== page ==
Heading to the markets on the weekend is always a treat for the whole family, there’s a great selection of stalls and stands offering all sorts of delicious foods and beverages, from sweetly, sticky donuts to cool, refreshing lemonade. But what keeps these goodies in perfect condition when serving? What stops them from melting all over the place or being served warm when they’re supposed to be cold? Whether you are a restaurant owner hoping to gain a larger customer base; a regular local market vendor; or, a cooking enthusiast who enjoys the outdoors and serving your favourite recipes, in this post we share a quick guide to refrigeration for outdoor festivals and events.
Refrigeration solution for weekend markets and other outdoor events
Refrigeration can substantially reduce the rate at which food will deteriorate, especially useful for outdoor events are mobile cool rooms and refrigerated trucks. Here are some refrigeration tips:
- Place your mobile cold room or refrigerated truck near to where you will be cooking and serving.
- Make sure to check the temperature periodically.
- Keep the door of the refrigerated area open for the shortest possible time.
- Dispose of any soiled food. Putting in the cold part of a refrigerator will not stop it from deteriorating further.
- Cover all cooked foods and when practical store them on a shelf above the uncooked foods. This minimises the risk of food poisoning (where uncooked food drips onto cooked food).
- Foods with strong odours, such as seafood and cheese, should be wrapped and you should avoid storing them for long periods near food such as milk and cream which can easily be affected by these.
- The ‘best before’ / ‘use by’ dates are the best guide to storage life of a particular perishable item. However, it’s only useful if the item was stored correctly before you bought it.
Raw meat, poultry and seafoods
- These items should be stored in the coldest part of the cold room. Wrapped fresh meat can be kept safely for up to three days and unwrapped fresh meat up to five days at cold temperatures (0 to 3 degrees Celsius).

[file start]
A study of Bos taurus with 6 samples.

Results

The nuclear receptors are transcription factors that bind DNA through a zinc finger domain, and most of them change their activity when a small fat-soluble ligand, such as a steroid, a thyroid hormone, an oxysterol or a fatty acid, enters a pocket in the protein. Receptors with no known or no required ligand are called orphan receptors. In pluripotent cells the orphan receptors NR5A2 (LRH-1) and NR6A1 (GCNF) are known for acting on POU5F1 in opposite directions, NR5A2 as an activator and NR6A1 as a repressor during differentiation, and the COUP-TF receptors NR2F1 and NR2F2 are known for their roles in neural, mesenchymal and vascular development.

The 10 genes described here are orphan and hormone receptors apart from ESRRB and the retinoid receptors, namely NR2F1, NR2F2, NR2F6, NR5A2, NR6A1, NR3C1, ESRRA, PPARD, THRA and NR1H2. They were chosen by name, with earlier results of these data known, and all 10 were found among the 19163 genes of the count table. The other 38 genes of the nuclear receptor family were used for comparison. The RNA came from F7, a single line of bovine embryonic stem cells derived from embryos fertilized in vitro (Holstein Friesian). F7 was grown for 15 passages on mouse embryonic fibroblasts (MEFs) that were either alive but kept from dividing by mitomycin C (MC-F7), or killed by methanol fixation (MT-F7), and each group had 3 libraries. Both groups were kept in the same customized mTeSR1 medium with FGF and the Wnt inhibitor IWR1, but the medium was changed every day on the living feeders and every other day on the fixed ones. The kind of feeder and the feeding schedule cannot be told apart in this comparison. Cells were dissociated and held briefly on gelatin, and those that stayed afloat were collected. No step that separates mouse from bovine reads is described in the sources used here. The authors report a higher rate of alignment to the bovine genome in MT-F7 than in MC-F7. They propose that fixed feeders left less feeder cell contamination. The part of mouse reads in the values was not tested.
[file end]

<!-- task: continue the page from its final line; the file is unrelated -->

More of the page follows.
- Fresh whole fish should be gutted and washed if it is to be stored for more than 24 hours.
Cooked meat, poultry and seafoods
- Meat, poultry and seafoods must be refrigerated as soon as possible after cooking (if not intended to be eaten straight away).
- To avoid condensation, do not cover hot meat pieces before refrigerating. Place them uncovered in the refrigerator until they are cool, then cover the container or wrap the meat tightly with cling wrap.
Fresh fruit and vegetables
- Most fresh produce is temperature sensitive and should be stored in the coolest part of the house when refrigerated space is not available. Some produce, particularly those from the tropics, such as pineapple and bananas, are chill sensitive and should not be stored in the refrigerator.
- To reduce shrivelling or wilting due to water loss, keep leafy and root vegetables, such as silverbeet, broccoli, carrots and parsnips, in perforated plastic bags, preferably in the cold room.
- Keep potatoes in a cool, dark, well ventilated place to avoid greening and sprouting; remove from plastic bags and place in a strong paper bag, box or in a wire or plastic bin. Sweet potatoes are cold sensitive and should not be kept in the fridge.
- Keep nectarines, peaches and plums in the cold room, unless you want to ripen them. Pears are best kept in the cold. They keep well green and hard. Store at room temperature to ripen them.